Fostering older or younger than your biological child?

There is no right way to foster but Necco provides information to help you make the decision about what age is the “right” age for your home.

Common concerns for fostering children out of birth order

  • Being uninformed about developmental milestones.
  • Predatory behaviors toward the younger, biological child.
  • The oldest biological child may feel challenged (their role as the oldest child, “taken,” by an unknown outsider).

We suggest that first and foremost you do what makes you comfortable. Many parents feel more at ease about fostering within the age range they are already familiar with and we completely understand. If you want to go outside of your ‘comfort zone’ regardless of age, gender, or birth order, we are here to support you with information, tips, and compassion. We understand that fostering can be a scary, wild ride. But you are never in it alone.

Remember that just because you raised a 5-year-old, it doesn’t mean your foster child will act like a 5-year-old.

Parenting experience is hugely beneficial. However, we consistently remind foster parents that all children are different. Some of their differences could largely be the result of trauma they have endured and its effect on the brain. Just because a child is younger doesn’t necessarily mean the child will be developmentally on-target, or even compliant with your parenting styles... at first. Additionally, an older child may carry a stigma around them based solely on the fact he/she is an older age. Indiana Jones said it best: “It’s not the age. It’s the mileage.”

There are circumstances when Necco recommends a family not foster a certain child based on birth order.

Raising little ones is challenging. If a biological child is too young to have the conversation, we recommend fostering children older than the biological child. We do not want nor like to exhaust our families. This is where we offer case management support at a potentially higher level. If a family has children aged outside their skill set, we offer more support (at least at first). We may increase visits to the home and up our phone contact with the family. After our families have settled in and have established a routine, we can adjust our contact schedules.

There are also some common-sense practices in place that would discourage opposite-sex children from being in the same foster home. For example, fostering a 17-year-old boy while having a 15-year-old daughter may not be the best dynamic for the family.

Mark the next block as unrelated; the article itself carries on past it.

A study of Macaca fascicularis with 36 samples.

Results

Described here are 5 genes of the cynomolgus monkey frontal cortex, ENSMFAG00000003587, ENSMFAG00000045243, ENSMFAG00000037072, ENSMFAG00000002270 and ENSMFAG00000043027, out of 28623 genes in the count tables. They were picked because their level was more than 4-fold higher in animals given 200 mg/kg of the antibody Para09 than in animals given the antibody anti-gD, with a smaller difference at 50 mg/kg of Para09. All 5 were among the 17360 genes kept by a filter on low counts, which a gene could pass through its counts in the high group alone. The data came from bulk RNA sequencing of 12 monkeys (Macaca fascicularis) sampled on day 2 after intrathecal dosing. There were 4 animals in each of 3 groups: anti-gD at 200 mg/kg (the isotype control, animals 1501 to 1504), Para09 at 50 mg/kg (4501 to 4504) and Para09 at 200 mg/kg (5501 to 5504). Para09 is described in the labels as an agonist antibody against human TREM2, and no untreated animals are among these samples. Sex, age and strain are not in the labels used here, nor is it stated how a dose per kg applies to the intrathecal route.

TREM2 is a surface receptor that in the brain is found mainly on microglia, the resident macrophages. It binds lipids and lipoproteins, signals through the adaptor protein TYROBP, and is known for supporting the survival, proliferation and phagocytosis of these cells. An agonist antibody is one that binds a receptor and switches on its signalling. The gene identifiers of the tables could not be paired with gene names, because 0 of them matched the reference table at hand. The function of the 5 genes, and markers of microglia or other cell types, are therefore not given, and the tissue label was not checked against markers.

A note on Necco’s policy around Fostering out of birth order and abuse

Necco works diligently to gain as much information about a child referral as absolutely possible. We review each child referral that state and county case workers submit for foster placement. These referrals contain sometimes years-worth of data and social history on the child. Examining a child’s behaviors, medication history, abuse history (such as physical, sexual, mental, and emotional) helps us match the right child with the right home. We are very upfront with our foster homes and share this information with them, as much as we can. From there, our foster parents can make the decision as to whether or not they would be able to foster that child.

In our Pre-Certification trainings, we discuss topics such as behavior management, children of trauma, and normal vs. abnormal behaviors. Necco provides treatment services to children in care to help address some of the underlying issues that led to their placement. Each age-appropriate child is assessed for counseling services. This also includes medication management if necessary. Because foster children have often experienced abuse or neglect, they need counseling services, education, structure, routine, and love in order to heal.

Necco offers foster care and adoption services in Ohio, Kentucky, Georgia and West Virginia. Learn more about how you can begin the process of foster care or adoption. One quick form submission and you’ll be on your way to building your forever family.